Many of us looking at the new GCSE language papers are having to again (or perhaps for the first time) tackle the ‘autobiographical’ writing question.
Write about a time when you felt fear.
Write about your first experience in a new place.
While there is no actual requirement to write in the first person in the mark scheme and I have yet to have an exam board answer the question – if a student wrote in the third person would they get marked down? – we do need to a way forward for autobiographical writing.
Unsurprisingly when teenagers write in the first person about their own experiences they sound like teenagers. They are young, they sound young. Even pupils who read widely don’t always have a strong internal narrative voice. Ask a year 7 boy, who has only ever read Diary of a Wimpy Kid and David Walliams books, to write a personal narrative and they will write about someone having their head flushed down the toilet. There will be lots of SHOUTY capitals and a million !!!!
So where to begin?
I have tried so many different ways to do good autobiographical writing in the last few years and this one has worked consistently. It’s not without danger though.
Write using someone else’s voice for a while, then write yourself.
In year 7 I have a mini-scheme of work looking at the diaries of Darwin and Conan-Doyle (during his adventuring years). One of the reasons I love these two writers is that they diaries are factual. Their writing style mirrors the what I hope for in narrative generally – more Hemingway and less Henry James. We have already taught our students to ‘write like a scientist’ and this gives them a new opportunity to try it out. We take the Darwin style and the Conan-Doyle adventure and have them report on a shark attack at sea, or being accosted by savages, or experiencing an earthquake at sea. We peel back all the emotive language, ignoring subjective commentary and make clear observations as Darwin or Conan-Doyle.
Here’s an example I showed at #TLLeeds of a piece of writing done in this style.
While it is not the student’s own history, it is a better example of personal narrative writing than I usually see in KS3. Here is our starting point.
Fast forward to Year 9 and Year 10, how do we do good exam writing preparation? Again we begin with writing personal narrative for others. Here (Personal narratives – blog version) is a series of lessons (I use it very flexibly as a collection of writing prompts) where students write personal narratives for a favourite character from an existing story. It culminates in a short story called The Search, where the character is looking for something.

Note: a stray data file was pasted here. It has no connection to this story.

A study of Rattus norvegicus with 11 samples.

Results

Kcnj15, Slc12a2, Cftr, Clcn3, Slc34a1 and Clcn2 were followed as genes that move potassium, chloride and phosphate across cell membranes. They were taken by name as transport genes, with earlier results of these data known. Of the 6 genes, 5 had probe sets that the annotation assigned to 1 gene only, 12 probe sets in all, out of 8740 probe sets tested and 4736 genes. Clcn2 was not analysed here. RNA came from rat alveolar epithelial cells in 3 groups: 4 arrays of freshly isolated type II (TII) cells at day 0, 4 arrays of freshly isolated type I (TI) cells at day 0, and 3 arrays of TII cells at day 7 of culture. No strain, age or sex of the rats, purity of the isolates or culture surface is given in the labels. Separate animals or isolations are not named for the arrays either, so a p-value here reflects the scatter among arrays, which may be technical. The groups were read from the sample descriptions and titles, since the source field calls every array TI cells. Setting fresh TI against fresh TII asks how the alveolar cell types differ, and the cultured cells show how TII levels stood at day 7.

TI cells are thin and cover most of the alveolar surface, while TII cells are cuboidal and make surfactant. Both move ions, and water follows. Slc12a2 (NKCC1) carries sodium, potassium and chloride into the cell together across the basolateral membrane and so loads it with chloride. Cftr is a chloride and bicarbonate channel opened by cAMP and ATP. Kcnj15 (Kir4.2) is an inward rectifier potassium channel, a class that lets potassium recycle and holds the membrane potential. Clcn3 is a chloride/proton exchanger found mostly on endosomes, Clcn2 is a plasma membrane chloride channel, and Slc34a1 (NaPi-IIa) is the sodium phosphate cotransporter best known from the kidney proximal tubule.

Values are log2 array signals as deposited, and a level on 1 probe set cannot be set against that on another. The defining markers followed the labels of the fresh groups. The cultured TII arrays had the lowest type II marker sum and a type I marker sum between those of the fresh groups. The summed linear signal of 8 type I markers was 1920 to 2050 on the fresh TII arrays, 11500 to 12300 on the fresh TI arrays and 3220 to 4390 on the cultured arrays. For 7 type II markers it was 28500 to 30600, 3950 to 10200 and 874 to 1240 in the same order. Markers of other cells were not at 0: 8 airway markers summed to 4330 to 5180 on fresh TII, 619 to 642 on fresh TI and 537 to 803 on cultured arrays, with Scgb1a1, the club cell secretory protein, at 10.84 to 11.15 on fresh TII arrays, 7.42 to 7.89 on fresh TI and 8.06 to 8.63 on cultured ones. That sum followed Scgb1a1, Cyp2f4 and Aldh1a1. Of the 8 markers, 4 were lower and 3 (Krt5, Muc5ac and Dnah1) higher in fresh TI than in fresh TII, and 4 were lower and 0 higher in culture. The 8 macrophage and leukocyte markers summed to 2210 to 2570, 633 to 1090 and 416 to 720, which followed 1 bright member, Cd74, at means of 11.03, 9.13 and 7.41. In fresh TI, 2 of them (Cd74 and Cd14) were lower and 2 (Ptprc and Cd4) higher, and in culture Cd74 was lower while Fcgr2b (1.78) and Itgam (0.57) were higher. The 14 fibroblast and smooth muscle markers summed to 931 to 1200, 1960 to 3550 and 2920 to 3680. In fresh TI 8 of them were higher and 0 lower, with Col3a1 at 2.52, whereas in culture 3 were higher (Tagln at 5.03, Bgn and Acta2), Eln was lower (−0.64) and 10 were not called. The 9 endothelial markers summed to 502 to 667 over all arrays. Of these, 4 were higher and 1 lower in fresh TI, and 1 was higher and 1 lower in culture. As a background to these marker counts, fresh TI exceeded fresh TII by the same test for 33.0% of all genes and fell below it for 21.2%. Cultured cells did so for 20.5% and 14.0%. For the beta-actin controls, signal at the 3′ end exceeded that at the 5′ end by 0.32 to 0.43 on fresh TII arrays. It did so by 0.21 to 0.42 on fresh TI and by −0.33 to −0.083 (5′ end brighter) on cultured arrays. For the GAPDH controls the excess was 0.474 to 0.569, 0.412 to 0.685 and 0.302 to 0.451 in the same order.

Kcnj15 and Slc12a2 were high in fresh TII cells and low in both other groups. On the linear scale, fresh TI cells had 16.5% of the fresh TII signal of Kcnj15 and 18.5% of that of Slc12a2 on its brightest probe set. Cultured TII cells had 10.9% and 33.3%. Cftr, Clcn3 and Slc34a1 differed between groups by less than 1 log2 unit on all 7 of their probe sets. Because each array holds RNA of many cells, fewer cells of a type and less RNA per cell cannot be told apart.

As with all writing, I work alongside pupils. You can see my plan for Don T’s search for coffee and love at the end. I do have the written up version somewhere which I will dig out.
We had some fabulous examples of this from Year 10:
- Mr Utterson, working at a conference as an usher, is looking for a delegate to give her a message.
- An aged Draco Malfoy is looking for his 5 metre swimming certificate to take to a job interview.
- Tinkerbell, who works as a dental nurse, loses her bag on the tube.
So when we have a plan, we work out how we can withhold the character identity long enough to engage the audiences’ interest. Utterson became simply Gabe. Draco: Drake. Tinkerbell: Belle.
Once students are comfortable with writing personal narratives for other characters. We started writing ourselves. This lead to an uncomfortable few lessons where students were to intensively self-diagnose how the world sees them.
As ever, I am writing alongside them. Often with this one, I model on the whiteboard first so they can see what I mean.
I go through a whole process of step by step developing a sense of self in writing. I model how when I write myself, I exaggerate elements of my identity and my personality. No one will know these are dramatic embellishments but for the purpose of personal narrative writing, it works.
The lessons I have attached here (Writing yourself – blog version) take students through a series of very simple activities where they write themselves focussing on their appearance, their actions, thoughts and dialogue. This gives them an opportunity to write numerous vignettes (which is less terrifying). It also allows them to build a holistic picture of how they can create their own narrative voice in a number of areas. They can be insecure, funny, cynical, upbeat. All of them, none of them. Then I present them with the scenarios at the end which they write, often reinventing some of their earlier writing.
I know I also promised stuff on mentor texts. This will have to be tomorrow now!